Jewish delegates and members of Parliament will receive their own security details at a British Labour Party conference in Liverpool in September.
The decision to provide the Jewish delegates with bodyguards was made out of concern they may be physically attacked by Corbyn’s hard-line supporters given the antisemitism controversy surrounding the party and its leader in recent weeks.
According to a report in the Mail on Sunday, the Jewish Labour Movement spoke with the Community Security Trust that guards Britain’s Jewish community about providing bodyguards for the upcoming conference.
Labour’s National Executive Committee is expected to meet to discuss the adoption of guidelines to combat antisemitism. The party will then convene in Liverpool to either approve or postpone the adoption of those guidelines.
According to a source, the conference will be “particularly tense as much of the anti-Semitic trolling on the internet has been traced back to hotspots” in the Liverpool county of Merseyside.
“The CST are reporting back with a full assessment of the security requirements. There is a real concern about safety,” the source said.
Corbyn was criticized last week over comments he made at a 2013 conference by the Palestinian Return Centre in which he defended comments by Palestinian Authority Ambassador to the U.K. Manuel Hassassian.
In the video, published by the Daily Mail on Thursday, Corbyn said British Zionists “clearly have two problems. One is that they don’t want to study history, and secondly, having lived in this country [the U.K.] for a very long time, probably all their lives, they don’t understand English irony.”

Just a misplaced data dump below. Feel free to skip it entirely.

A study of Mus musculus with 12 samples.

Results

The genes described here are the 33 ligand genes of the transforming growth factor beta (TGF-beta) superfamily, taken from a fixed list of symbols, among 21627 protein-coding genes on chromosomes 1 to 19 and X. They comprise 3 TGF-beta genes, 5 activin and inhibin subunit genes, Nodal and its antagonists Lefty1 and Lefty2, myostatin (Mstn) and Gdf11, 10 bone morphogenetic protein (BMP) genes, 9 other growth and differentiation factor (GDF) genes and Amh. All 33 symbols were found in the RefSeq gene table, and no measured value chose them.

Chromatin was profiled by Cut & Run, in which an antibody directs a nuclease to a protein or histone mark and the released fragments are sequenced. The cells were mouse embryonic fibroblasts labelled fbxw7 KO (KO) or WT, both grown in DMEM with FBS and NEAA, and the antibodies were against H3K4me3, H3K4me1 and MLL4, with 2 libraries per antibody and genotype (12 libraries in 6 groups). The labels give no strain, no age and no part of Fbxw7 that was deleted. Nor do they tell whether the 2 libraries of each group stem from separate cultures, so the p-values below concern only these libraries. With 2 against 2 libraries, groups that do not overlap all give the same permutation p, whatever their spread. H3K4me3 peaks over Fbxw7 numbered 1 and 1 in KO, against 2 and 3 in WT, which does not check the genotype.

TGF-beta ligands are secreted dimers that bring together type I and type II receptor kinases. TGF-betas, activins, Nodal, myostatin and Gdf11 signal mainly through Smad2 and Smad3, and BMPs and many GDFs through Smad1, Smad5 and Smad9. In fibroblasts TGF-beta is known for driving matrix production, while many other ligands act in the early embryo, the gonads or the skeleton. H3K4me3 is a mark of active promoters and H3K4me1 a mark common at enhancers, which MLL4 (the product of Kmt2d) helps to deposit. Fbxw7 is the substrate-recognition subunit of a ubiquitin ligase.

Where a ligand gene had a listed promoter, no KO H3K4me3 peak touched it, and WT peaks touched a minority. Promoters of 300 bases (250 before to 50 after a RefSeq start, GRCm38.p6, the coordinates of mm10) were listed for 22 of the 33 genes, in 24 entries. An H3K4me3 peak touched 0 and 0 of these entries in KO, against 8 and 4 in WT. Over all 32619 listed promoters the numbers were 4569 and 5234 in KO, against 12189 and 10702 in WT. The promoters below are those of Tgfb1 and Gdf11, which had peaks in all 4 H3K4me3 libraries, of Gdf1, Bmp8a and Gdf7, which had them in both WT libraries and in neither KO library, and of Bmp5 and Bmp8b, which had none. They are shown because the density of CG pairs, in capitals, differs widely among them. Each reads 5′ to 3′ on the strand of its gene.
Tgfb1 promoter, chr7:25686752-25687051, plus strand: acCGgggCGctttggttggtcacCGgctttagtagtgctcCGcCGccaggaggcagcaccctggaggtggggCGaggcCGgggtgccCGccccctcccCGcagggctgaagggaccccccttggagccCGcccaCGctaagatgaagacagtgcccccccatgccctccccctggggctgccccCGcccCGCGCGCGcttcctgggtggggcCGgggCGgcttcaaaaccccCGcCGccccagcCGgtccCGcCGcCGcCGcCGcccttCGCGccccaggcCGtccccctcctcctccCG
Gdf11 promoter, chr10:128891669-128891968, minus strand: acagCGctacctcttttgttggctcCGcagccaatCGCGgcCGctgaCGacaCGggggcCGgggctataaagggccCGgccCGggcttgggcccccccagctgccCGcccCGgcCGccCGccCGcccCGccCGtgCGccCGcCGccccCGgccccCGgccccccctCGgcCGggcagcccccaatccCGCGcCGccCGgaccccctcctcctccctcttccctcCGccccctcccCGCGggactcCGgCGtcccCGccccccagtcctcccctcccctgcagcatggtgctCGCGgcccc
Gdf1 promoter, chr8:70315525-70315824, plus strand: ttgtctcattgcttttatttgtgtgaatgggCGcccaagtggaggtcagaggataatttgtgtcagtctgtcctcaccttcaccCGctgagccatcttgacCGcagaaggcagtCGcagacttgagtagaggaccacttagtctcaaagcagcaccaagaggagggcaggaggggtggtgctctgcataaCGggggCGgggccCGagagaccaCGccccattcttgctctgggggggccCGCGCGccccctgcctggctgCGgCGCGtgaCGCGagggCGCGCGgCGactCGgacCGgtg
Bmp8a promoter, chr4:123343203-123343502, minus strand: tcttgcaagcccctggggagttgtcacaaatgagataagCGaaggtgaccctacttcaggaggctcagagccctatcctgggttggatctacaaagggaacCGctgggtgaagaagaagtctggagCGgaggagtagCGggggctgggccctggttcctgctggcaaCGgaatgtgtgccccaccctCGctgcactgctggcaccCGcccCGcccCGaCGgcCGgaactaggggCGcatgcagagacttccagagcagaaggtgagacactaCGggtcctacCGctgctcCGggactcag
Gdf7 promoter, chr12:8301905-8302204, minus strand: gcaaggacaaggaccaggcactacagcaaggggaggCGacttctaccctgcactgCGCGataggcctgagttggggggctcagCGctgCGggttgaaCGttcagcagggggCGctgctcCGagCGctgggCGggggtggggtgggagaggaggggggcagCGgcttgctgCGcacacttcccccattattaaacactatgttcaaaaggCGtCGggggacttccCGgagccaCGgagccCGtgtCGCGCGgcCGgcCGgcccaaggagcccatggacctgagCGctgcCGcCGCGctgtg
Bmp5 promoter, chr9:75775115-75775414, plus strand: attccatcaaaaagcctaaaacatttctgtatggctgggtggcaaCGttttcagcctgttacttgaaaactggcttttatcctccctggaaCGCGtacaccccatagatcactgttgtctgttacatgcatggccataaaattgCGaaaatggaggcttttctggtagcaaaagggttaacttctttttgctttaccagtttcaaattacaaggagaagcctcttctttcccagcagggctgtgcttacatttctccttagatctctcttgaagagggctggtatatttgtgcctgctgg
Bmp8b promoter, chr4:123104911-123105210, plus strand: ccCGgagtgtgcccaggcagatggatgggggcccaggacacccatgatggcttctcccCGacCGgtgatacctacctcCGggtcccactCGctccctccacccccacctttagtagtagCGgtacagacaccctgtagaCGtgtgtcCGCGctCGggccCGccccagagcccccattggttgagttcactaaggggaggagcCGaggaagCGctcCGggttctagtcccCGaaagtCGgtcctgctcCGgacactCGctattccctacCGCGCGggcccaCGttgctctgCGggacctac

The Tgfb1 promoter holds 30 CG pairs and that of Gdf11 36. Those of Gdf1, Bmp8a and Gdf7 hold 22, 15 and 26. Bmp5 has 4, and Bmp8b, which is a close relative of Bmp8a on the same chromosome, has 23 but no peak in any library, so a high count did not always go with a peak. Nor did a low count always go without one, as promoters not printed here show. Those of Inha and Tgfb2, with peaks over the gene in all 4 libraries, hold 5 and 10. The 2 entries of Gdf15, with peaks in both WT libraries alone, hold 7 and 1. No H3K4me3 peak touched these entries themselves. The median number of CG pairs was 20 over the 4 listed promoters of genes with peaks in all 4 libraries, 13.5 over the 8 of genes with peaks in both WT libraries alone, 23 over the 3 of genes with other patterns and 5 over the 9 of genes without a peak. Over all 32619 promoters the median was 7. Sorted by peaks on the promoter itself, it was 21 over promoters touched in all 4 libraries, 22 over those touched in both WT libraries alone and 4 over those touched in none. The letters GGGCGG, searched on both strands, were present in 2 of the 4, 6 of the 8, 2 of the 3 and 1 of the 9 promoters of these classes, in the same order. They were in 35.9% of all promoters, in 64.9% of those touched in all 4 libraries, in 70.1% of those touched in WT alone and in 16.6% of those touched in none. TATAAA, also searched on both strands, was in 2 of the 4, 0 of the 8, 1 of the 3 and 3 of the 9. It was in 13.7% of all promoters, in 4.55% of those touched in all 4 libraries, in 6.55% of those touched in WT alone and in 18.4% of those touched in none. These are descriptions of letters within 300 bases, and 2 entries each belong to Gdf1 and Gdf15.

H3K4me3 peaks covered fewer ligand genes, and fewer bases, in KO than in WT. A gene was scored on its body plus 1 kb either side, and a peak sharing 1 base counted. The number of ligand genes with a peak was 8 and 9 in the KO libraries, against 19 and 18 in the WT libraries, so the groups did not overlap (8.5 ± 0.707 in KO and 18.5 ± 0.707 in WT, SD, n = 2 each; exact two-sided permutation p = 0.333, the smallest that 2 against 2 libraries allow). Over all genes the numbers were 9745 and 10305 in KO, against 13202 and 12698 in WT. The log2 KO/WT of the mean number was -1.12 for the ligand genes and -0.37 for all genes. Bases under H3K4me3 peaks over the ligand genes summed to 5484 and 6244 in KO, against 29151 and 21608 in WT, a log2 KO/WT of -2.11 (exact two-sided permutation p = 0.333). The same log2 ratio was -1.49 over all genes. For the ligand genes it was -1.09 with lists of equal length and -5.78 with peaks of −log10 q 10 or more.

The Conservative Party filed an official complaint over Corbyn’s remarks with the Parliamentary Commissioner for Standards, saying he had breached Parliament’s code of conduct, according to which MPs must not damage the House of Commons’ reputation.
On Saturday, U.K. Home Secretary Sajid Javid criticized Corbyn on Twitter, saying that if Corbyn “had said ‘Asians’ or ‘Blacks’ instead of ‘Zionists,’ he’d be gone by now. The fact he’s still there tells us all we need to know about what the Labour Party has become.”
Jewish Labour MP Luciana Berger said Corbyn’s comments made her feel unwelcome in her own party.
Corbyn consistently denies allegations that he is anti-Semitic but has been the subject of much controversy in recent weeks amid a focus on the Labour Party’s failure to address rising antisemitism among its members.
Recent reports have shown him laying a wreath at a memorial to the Black September terrorists who murdered 11 Israeli athletes at the 1972 Munich Olympics, and attending the wedding of a known Holocaust denier.
In late July, three Jewish newspapers in the U.K. ran a joint editorial calling Corbyn “an existential threat to Jewish life in this country.” The editorial, which ran in the Jewish Chronicle, Jewish News and Jewish Telegraph, said that since Corbyn’s election as Labour leader in 2015, the party had grown increasingly tolerant of antisemitism.
“The party that was, until recently, the natural home for our community has seen its values and integrity eroded by Corbynite contempt for Jews and Israel,” the editorial said.